The Enigma of James Corden

When I went to see The History Boys during its first run back in 2004, I was aware that the ‘fat guy’ was the funny one. It was the same in the movie – the character of Timms was defined by A) his weight, and B) delivering the most overt chuckles in a play which is, tonally, a bit like The West Wing played out in a Northern grammar school. Obviously, when Gavin and Stacey started to air in 2007, we all realised exactly who the actor playing The History Boys’ ‘fat guy’ was, and, since then, he’s become part of our weird, collective cultural consciousness in the UK.

The best and worst thing about James Corden is that he’s not obviously particularly good at anything. I love Gavin and Stacey, and I love his character Smithy, but his jokes in the show can be pretty much broken down into three categories: jokes about his bromance with Gavin, jokes about Essex, and jokes about food. Subtle it is not. Similarly, whilst there are moments of emotional catharsis in the show, the delivery is a bit more soap operatic than your average sitcom, so the show is scrubbed clean of the tough edges of its logical predecessors like The Office and The Thick of It. But, all that said, the show is great, and its great precisely because it’s not that good. It’s a show that is best summed up by its musical choices, which consist of insipid 00s indie-pop bands, like The Kooks, Razorlight, Paolo Nutini and The Pigeon Detectives (if anyone remembers them).

Here in the UK, James Corden has become chillingly ubiquitous. His voice – surely the least interesting part of the man – has begun an insidious quest to occupy our airwaves, like some amorphous villain from Doctor Who. During the last festive period, Corden was roundly ridiculed for his excessively earnest narration of the BBC’s adaptation of Esio Trot, in which he tried to seduce children with a desperately saccharine, come hither voice. If that wasn’t bad enough, Corden used to provide the voiceovers for WeBuyAnyCar.com adverts, but in a bizarre twist, since he became, presumably, out of their price range, they’ve started to employ a vocal doppleganger instead. And thus, Corden has been able to spread himself more thinly than any regular human would imagine possible.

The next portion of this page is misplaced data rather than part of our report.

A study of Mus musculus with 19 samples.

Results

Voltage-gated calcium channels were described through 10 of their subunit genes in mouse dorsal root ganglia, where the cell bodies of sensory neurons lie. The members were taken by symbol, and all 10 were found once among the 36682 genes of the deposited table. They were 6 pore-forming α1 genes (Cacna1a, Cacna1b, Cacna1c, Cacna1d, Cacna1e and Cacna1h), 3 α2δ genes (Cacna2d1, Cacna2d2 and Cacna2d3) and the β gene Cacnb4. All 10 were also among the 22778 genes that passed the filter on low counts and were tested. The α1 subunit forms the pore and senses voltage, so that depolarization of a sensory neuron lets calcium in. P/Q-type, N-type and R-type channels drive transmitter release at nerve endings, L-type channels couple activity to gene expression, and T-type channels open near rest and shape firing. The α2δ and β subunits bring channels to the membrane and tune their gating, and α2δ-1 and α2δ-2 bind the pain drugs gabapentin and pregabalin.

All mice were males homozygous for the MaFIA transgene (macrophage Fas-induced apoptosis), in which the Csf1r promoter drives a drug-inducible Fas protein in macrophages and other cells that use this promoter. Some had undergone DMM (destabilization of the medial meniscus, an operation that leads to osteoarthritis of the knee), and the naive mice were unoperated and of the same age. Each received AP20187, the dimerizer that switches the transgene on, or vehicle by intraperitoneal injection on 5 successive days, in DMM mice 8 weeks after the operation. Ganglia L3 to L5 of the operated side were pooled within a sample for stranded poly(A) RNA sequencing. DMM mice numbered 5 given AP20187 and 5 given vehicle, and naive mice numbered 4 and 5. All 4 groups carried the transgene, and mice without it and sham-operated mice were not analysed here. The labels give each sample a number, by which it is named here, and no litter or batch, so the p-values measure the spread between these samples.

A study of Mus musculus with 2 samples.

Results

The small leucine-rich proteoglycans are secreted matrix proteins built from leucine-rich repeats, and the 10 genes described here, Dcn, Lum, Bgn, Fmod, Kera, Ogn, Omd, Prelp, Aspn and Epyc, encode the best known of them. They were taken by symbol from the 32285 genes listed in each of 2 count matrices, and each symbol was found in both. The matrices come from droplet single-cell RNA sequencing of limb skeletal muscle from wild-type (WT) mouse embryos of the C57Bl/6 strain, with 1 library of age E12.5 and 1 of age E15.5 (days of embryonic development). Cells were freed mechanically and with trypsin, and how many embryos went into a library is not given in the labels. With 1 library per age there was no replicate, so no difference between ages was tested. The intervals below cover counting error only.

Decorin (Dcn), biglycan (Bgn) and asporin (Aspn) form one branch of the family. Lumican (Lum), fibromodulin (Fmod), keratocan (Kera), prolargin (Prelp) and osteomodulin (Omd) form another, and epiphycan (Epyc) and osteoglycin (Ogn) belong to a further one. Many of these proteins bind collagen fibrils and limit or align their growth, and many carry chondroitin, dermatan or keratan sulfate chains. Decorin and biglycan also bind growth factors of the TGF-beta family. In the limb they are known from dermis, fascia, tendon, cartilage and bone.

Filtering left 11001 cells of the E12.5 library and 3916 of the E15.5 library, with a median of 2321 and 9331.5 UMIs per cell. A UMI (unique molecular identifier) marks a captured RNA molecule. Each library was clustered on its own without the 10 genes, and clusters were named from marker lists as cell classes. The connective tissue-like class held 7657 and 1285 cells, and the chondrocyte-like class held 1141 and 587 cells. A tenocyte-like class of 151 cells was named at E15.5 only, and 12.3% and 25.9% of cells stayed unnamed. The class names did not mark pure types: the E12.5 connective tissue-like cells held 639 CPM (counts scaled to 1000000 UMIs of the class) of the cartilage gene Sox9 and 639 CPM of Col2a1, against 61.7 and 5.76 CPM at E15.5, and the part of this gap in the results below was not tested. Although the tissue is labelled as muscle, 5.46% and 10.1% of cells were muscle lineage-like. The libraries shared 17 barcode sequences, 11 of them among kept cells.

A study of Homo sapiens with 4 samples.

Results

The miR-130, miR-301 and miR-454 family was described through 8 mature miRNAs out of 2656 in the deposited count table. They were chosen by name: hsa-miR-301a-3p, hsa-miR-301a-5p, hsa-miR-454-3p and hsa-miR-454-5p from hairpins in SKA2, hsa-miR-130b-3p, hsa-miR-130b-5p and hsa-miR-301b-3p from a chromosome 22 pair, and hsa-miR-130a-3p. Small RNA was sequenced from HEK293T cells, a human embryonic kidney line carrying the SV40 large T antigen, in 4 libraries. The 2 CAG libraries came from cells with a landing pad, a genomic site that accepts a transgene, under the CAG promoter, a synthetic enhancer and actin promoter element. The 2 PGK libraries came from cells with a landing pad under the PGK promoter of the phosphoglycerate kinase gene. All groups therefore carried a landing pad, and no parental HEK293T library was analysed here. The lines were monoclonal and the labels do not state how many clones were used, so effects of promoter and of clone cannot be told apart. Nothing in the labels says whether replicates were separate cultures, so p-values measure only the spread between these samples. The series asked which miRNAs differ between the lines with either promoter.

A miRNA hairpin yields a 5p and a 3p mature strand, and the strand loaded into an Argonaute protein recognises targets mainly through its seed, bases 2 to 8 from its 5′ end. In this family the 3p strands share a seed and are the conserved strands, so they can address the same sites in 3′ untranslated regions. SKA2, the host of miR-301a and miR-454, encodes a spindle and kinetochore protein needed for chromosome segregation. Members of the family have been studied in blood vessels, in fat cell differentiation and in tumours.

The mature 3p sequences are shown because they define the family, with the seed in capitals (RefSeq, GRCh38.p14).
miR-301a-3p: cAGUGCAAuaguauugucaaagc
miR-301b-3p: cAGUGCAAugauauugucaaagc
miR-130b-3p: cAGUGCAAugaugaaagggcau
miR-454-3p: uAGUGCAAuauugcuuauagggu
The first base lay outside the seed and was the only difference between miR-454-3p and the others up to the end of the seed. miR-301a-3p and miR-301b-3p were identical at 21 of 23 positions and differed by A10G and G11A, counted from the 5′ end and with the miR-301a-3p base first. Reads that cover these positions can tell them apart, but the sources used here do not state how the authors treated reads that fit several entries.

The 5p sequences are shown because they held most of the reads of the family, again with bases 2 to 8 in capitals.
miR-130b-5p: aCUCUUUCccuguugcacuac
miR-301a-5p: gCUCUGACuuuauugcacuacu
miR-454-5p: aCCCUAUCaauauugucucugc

But the most curious thing is that none of this has engendered much dislike. Nor have his hit-and-miss shows like A League of Their Own or The Wrong Mans, or the critically uncertain response to his lead role in Into the Woods. Instead, we all kind of like James Corden. “You know he won a Tony Award?” we say, incredulously. “He convinced me to sell my car…” we despair, ashamedly. “He’s lost quite a few pounds recently,” we observe, smugly. And, all the time, we’re not sure whether we like him or dislike him (it’s certainly a milder sensation than the standard love/hate dichotomy).

James Corden’s debut on The Late Late Show has been pretty big news here in the UK. The “James Corden” tag has been stuck to my Facebook trends for the past month, as we all wait with baited breath to see how he’s received. Americans love British stuff, but, generally, they like to repurpose it as their own. We all remember how Robbie Williams almost bankrupted himself to try and make it big in America, and how Ricky Gervais soured Anglo-American relations with his Golden Globes hosting gigs. And we’re still apologising for Russell Brand (I’m sorry) to this day. Corden is a much milder blend of British white male than Williams, Gervais or Brand, so I think we all accept this isn’t Monte Carlo or bust. You’re allowed to be indifferent about Corden because he’s affable, in the mould of the Michael Palins of this world, and pudgy, like our beloved two Ronnies. Ricky Gervais used to be a-bit-fat, but you never wanted to give him a hug. James Corden looks like he was custom engineered to be cuddled. And we like him for that. We like his ambassadorial role as a big, bumbling ball of Britishness.

And then, in the middle of his angelic ascension as High Wycombe’s answer to MDF or cardigans, he fronted When Corden Met Barlow, the worst hour of TV ever put together by inhabitants of our cosmos. I have never before wanted so desperately to reach through the screen and commit atrocious acts of violence as I did when I saw Corden fawning over the beiger-than-beige Barlow. It was a horrible, agonising moment and it will haunt me until I die.

And therein lies the mystery of James Corden. I have doubts as to whether he’s capable of greatness, but he’s certainly capable of his own form of excellence (see Gavin and Stacey or One Man, Two Guvnors). Equally, I had doubts as to whether he was capable of true terribleness, until I saw When Corden Met Barlow. He is, therefore, both the most vanilla of British exports, and the most maverick. The most middle of the road, and the most divergent. The most squishly guy you just want to roll around under a 13.5 tog duvet with, and the most likely to create a work of art so murderously terrible that it initiates the fall of humanity.

Anyhow, he’s America’s conundrum now.